A Few Good Laundry Habits That Are Also Eco-Friendly!


No matter how much you detest handling dirty linens and clothing, they are part and parcel of your daily routine. All the pieces of clothes, gym wear, dish towels, and bedsheets will eventually make their way into the washing machine. You cannot avoid this because dirt and dust can make them unsafe. Conversely, doing too much laundry harms the environment in many ways. Washing and drying machines run on electricity. The more loads you do, the more they will consume energy. They are also one of the five most energy-consuming household items. Then, chemical-laden detergents that mix in rivers and oceans threaten water wildlife. Plus, most of the microfibers released into the water systems mingle with the food chain that everyone eats. Do these sound scary? Let’s try some eco-friendly tricks.

Natural ingredient or plant-based laundry detergent

DIYers swear by vinegar, baking powder, and other such things. But it needs time to make your detergent. Most traditional liquid and powder versions are full of chemicals. So, what’s the next option? You can switch to laundry detergent sheets. Choosing a brand that uses natural ingredients that are gentle or less harsh can be best. Plant-based formulations can be better even though they may contain a specific biodegradable chemical. Studies show they don’t burden the ecosystem by lingering there. They dissolve. Since these mostly come in paper or cardboard packaging, you get rid of one-time-use plastic bottles, a large part of which stay in landfills and spoil the environment’s clean fabric. A zero-waste laundry strip can take care of this.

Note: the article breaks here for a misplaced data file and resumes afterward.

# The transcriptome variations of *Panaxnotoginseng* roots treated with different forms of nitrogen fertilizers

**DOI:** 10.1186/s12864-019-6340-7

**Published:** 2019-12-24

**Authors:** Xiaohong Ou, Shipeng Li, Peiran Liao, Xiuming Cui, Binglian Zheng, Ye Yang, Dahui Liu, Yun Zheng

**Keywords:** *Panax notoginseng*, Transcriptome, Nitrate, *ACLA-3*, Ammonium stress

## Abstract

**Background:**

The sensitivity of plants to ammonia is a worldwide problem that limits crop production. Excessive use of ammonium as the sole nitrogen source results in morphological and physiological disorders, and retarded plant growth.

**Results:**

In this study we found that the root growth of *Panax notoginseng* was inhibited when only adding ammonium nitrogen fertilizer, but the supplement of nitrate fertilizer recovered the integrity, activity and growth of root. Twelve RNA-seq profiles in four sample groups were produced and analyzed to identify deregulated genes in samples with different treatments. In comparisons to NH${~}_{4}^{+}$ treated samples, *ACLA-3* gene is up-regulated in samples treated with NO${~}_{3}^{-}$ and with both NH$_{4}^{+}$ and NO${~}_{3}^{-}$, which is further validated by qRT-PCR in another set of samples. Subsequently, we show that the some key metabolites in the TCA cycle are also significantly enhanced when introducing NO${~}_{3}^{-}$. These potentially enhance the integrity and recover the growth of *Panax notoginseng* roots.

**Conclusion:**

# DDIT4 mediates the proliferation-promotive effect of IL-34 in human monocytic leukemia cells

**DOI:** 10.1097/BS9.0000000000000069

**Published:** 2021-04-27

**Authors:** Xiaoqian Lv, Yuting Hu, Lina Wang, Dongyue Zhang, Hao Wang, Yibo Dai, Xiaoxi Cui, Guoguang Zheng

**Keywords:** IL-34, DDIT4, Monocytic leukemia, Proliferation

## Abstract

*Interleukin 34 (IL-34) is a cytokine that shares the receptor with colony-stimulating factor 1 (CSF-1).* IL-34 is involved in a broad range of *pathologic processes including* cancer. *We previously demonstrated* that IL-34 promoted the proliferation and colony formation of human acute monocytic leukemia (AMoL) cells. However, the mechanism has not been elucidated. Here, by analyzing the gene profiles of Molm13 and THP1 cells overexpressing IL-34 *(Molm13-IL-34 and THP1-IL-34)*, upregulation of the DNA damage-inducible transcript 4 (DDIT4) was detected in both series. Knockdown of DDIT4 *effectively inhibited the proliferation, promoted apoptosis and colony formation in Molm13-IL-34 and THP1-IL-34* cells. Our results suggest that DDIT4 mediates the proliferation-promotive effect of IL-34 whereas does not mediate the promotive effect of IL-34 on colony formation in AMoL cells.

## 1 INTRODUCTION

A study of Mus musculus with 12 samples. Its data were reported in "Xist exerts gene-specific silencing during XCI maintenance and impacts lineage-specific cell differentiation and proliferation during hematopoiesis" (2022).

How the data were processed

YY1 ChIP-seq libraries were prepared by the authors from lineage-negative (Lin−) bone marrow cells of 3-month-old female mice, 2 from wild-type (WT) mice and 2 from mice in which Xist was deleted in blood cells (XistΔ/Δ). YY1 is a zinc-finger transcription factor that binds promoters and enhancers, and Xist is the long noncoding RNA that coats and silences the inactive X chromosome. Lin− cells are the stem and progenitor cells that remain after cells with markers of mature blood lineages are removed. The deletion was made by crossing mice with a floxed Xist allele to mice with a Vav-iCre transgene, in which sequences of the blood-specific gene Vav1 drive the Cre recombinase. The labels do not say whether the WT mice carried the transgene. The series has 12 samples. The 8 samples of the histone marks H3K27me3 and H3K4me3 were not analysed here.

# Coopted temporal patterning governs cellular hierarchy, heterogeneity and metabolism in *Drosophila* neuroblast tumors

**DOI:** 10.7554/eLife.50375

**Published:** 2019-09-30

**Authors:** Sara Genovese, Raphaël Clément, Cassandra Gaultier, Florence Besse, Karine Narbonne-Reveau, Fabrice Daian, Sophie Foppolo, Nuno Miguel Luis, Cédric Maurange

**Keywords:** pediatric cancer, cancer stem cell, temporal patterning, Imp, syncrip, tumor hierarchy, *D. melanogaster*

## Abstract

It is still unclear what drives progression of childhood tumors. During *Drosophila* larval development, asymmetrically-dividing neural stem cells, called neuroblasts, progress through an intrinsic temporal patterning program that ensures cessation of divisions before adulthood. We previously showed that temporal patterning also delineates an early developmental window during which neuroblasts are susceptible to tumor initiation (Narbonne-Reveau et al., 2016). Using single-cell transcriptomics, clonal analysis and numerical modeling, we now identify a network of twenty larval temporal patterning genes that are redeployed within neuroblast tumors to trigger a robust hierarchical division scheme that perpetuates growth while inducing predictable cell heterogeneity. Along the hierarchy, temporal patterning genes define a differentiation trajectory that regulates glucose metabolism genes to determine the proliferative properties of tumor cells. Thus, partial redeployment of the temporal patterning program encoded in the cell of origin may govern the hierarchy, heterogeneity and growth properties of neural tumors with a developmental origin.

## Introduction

Cold water cycle

Using hot water for laundry loads means using high-energy sources. Some believe that cleaning blood stains in hot water may not help. The spot will stay. However, you can wash them in cold water to not find their traces. You get the same impact as the hot water cleaning. So, switch to cold water, which is more energy-efficient and lighter on your wallet.

Full loads

Fill the machine with the number of clothes it can handle. One washer can accommodate clothes up to ¾ of its limit. Some appliances also provide provisions for tiny loads. They offer a quick wash option to avoid water and detergent wastage. This technique also works as effectively as the optimally loaded machine. Look at the sensor of your front-load washer to check the level.


Dry your clothes on the drying line to save energy. It can control pollution and carbon footprint. Hang drying is uncommon in North America as most houses use machine dryers. Canadians wash four loads a week, which can be 200 times a year. Dryers consume 5-10 times extra energy than washing machines. You can eliminate this by drying your clothes in the open or using alternatives like heat-pump dryers. These units heat up without much hard work. Smaller apartments come without outdoor space to dry laundry in the open. They can buy indoor racks.

These minor habitual changes carry a significant impact. Try them once! It’s all about your lifestyle decisions that reduce your carbon footprint and help this planet become healthy.